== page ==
In case you’ve been living under a rock for the last year and a half, Fallout 76 hasn’t had the most smooth launch… Or post-launch… Or really the most smooth anything. But Bethesda’s been listening, and don’t you worry – Fallout 76 Wastelanders, the game’s colossal new update – is one hell of a response.
But first, how did we get here? Bethesda’s multiplayer Fallout experiment succumbed to the fate of almost every other shared-world shooter before (and after) it, and was riddled with technical problems and balance issues, and received plenty of criticism around the game’s economy (both with currency and crafting materials) and its handling of microtransactions to boot.
However, Bethesda was not about to let one of its flagship franchises go the way of Bioware’s Anthem, and set out to make things right. This commitment has resulted in the game’s largest update to date – a major overhaul in terms of quality of life and content. Welcome back to Appalachia, and welcome to Fallout 76: Wastelanders.
A Sight For Sore Eyes
As previously mentioned, the marquee addition to Fallout 76 in the Wastelanders update are NPCs. All of the Fallout NPC tropes you love are back. Sassy bartenders, Ghouls in no mood for your shit, up-jumped Raider bosses, and glorified snake-oil salesmen are all in attendance – and thats just in the first few hours of the update.
The NPCs are all fully voice acted, and Bethesda has clearly had a ton of time to write for these new characters. Each new storyline and named character feels real, tangible, and relatable – not just tacked on for the sake of allowing players to converse with something other than a terminal or a Mister Handy.
Fallout’s NPCs are one of the most charming parts of the franchise. Though some of the series’ iconic characters happen to be robots (looking at you, Mr. House), wandering around a wasteland alone (and even with friends) can be tiresome. The return of NPC wastelanders to Fallout 76 renews the players’ sense of purpose, and gives you either a reason to keep fighting the good fight to rebuild America – or give you new targets to swindle and extort (depending on which side of the karma spectrum you find yourself on).
Something Old, Something New
The new NPCs are great and all, but I’m sure some players (especially ones who bought Fallout 76 at launch) will still remain skeptical about just how impactful this update is.
The biggest thing Bethesda could’ve done (and my first question upon booting up the update) was to buff up the original Fallout 76 quests and content with new life. And they did exactly that. Fallout 76’s main quest is still present post-Wastelanders, but now features new NPCs woven into the story, and adds tons of new dialogue with existing NPCs (such as the Grafton Mayor, who I personally love to hate).
There are also two new factions (The Raiders and The Settlers) who add a distinct layer of personality to Appalachia. Even while I was cleaning up my quest log of any lingering one-off quests from Fallout 76’s original content, I ran into several new characters added by Wastelanders that were a welcome addition to the experience.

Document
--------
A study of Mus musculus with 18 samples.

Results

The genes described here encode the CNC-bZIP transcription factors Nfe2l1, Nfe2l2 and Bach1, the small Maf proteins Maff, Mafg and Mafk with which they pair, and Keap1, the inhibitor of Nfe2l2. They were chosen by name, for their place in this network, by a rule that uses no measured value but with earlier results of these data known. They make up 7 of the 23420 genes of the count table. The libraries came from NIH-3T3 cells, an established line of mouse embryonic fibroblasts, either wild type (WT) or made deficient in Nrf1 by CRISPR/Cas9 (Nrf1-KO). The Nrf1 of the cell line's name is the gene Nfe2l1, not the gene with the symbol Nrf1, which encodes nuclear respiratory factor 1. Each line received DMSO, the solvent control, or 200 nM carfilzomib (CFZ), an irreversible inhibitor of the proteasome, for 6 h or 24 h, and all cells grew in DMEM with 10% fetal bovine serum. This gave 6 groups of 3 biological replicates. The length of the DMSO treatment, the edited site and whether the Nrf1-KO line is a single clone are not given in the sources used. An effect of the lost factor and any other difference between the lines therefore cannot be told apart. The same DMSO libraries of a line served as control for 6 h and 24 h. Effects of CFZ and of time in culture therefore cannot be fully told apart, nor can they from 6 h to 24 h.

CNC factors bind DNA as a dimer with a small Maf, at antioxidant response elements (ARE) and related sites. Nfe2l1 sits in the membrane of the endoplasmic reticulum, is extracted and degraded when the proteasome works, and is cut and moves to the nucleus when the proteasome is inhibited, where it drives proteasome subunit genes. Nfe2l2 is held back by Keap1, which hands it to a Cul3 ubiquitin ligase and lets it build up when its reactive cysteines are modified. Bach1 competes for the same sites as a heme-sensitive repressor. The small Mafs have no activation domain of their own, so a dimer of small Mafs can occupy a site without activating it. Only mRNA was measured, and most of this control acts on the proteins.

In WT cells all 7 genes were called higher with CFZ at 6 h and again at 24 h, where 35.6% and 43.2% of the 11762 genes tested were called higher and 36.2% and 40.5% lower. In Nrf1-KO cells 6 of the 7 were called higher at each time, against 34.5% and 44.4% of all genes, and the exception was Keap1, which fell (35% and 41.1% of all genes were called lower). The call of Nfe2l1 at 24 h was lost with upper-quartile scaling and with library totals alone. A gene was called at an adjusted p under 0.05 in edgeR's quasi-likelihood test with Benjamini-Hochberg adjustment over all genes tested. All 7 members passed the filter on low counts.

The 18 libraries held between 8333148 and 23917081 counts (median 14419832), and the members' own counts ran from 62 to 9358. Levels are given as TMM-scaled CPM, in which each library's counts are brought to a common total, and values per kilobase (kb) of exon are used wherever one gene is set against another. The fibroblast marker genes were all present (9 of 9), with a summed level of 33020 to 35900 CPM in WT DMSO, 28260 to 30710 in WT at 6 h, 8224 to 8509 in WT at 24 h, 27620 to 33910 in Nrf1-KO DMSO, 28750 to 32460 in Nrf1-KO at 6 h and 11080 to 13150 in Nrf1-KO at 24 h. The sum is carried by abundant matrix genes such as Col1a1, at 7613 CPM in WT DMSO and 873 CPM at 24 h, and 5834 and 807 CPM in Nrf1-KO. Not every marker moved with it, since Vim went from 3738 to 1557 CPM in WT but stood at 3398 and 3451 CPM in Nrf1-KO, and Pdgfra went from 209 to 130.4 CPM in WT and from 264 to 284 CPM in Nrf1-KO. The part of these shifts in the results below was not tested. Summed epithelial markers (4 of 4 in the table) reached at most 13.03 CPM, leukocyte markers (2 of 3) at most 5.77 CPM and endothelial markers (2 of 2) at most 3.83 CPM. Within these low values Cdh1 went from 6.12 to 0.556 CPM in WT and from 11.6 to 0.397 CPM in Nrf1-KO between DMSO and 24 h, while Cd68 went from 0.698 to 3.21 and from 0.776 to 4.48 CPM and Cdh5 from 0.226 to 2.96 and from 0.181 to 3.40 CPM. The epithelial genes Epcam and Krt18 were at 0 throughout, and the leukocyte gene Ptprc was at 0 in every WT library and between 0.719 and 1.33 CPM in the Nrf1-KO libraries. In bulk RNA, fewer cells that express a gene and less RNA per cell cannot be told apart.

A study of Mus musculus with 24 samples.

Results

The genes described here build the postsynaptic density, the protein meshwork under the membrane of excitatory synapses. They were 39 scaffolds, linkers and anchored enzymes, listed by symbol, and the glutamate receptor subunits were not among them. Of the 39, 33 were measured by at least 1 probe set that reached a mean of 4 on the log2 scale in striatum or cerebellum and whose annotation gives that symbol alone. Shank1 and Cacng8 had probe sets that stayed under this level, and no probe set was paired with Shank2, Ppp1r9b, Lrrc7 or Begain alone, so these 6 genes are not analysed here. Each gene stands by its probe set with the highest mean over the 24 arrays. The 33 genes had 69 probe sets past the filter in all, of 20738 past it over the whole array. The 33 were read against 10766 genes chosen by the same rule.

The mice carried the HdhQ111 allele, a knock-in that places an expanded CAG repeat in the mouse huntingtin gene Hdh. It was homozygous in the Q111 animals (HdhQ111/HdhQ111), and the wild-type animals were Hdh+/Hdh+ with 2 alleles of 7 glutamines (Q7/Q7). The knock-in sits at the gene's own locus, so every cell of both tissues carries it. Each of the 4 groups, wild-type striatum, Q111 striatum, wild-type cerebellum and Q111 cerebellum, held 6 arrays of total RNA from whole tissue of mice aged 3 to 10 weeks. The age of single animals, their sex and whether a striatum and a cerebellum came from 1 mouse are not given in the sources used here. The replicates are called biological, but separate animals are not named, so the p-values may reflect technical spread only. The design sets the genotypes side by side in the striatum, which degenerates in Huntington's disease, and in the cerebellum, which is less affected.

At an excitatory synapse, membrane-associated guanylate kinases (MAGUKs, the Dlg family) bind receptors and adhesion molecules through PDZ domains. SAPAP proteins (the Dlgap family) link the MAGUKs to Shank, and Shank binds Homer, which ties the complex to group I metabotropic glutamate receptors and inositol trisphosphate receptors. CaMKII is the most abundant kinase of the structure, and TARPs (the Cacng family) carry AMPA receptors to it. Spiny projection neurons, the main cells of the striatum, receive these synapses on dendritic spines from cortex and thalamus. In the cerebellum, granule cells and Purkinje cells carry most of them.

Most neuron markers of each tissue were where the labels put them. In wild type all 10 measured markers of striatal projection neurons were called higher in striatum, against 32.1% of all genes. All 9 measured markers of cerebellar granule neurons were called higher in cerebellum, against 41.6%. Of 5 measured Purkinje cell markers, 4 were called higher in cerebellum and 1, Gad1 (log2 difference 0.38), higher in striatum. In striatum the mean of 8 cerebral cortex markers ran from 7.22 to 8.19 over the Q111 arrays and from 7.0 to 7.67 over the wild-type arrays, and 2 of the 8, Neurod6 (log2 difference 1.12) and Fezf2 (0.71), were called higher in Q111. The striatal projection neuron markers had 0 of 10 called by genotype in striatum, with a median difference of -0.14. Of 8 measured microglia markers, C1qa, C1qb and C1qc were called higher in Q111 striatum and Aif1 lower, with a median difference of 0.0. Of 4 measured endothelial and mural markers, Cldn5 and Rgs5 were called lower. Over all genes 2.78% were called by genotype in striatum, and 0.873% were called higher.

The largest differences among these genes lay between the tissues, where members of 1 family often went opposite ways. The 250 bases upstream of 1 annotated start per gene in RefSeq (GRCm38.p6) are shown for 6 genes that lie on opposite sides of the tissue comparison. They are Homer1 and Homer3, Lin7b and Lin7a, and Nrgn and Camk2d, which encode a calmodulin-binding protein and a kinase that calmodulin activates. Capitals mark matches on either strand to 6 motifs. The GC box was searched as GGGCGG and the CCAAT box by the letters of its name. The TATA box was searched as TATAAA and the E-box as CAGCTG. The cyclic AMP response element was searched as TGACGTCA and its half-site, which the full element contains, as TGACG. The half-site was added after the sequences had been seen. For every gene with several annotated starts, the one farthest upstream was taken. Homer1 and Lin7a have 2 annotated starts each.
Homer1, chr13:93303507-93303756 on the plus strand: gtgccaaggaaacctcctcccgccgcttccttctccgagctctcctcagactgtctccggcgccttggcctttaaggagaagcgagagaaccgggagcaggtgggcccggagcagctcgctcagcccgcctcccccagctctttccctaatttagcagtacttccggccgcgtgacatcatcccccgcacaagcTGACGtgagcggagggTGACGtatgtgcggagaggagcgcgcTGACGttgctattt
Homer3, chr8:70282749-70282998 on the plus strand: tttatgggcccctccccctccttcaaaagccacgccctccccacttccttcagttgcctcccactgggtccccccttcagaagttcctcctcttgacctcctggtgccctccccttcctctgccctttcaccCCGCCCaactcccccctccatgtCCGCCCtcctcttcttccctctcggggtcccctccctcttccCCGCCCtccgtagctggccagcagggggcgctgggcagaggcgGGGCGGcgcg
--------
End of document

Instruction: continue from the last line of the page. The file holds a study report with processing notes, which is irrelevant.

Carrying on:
Though Wastelanders is a colossal update in terms of scope and improvements, there are still some textbook headaches that fans of the Fallout franchise will be all-too familiar with. The game’s hitboxes and gunplay are markedly better than any other game in the Fallout franchise, but are still an absolute pain in the ass at times, especially when engaging swarms of feral ghouls.
Fallout 76 isn’t perfect, but neither was Fallout 4, 3, or New Vegas. There’s still a slew of technical issues like getting stuck in objects, having enemies follow you way farther than they should, and weird spikes in difficulty when a higher-than-normal level enemy pops up out of nowhere, but that’s a necessary headache that one willingly accepts when they boot up a modern Fallout game. If you were looking for buttery-smooth gunplay and airtight combat mechanics, you wouldn’t be reading this, would you?
A Much Needed Fresh Start
All in all, Wastelanders provides a much-needed shot in the arm for Bethesda’s shared-world shooter. Like Destiny’s The Taken King, Destiny 2’s Forsaken, and The Division’s Underground, it takes into account the most seriously frustrating parts of the game’s launch, and addresses almost all of them in a very significant way.
Bethesda has absolutely listened to the feedback that’s come in from players and critics alike, and Wastelanders is a testament to the measures they’re willing to take to do right by Fallout fans old and new. If you’ve got Fallout 76 already, it’s time to reinstall it. And if you’ve never given it a chance before, and need yourself a Fallout fix – then Wastelanders makes it more than worth a second look.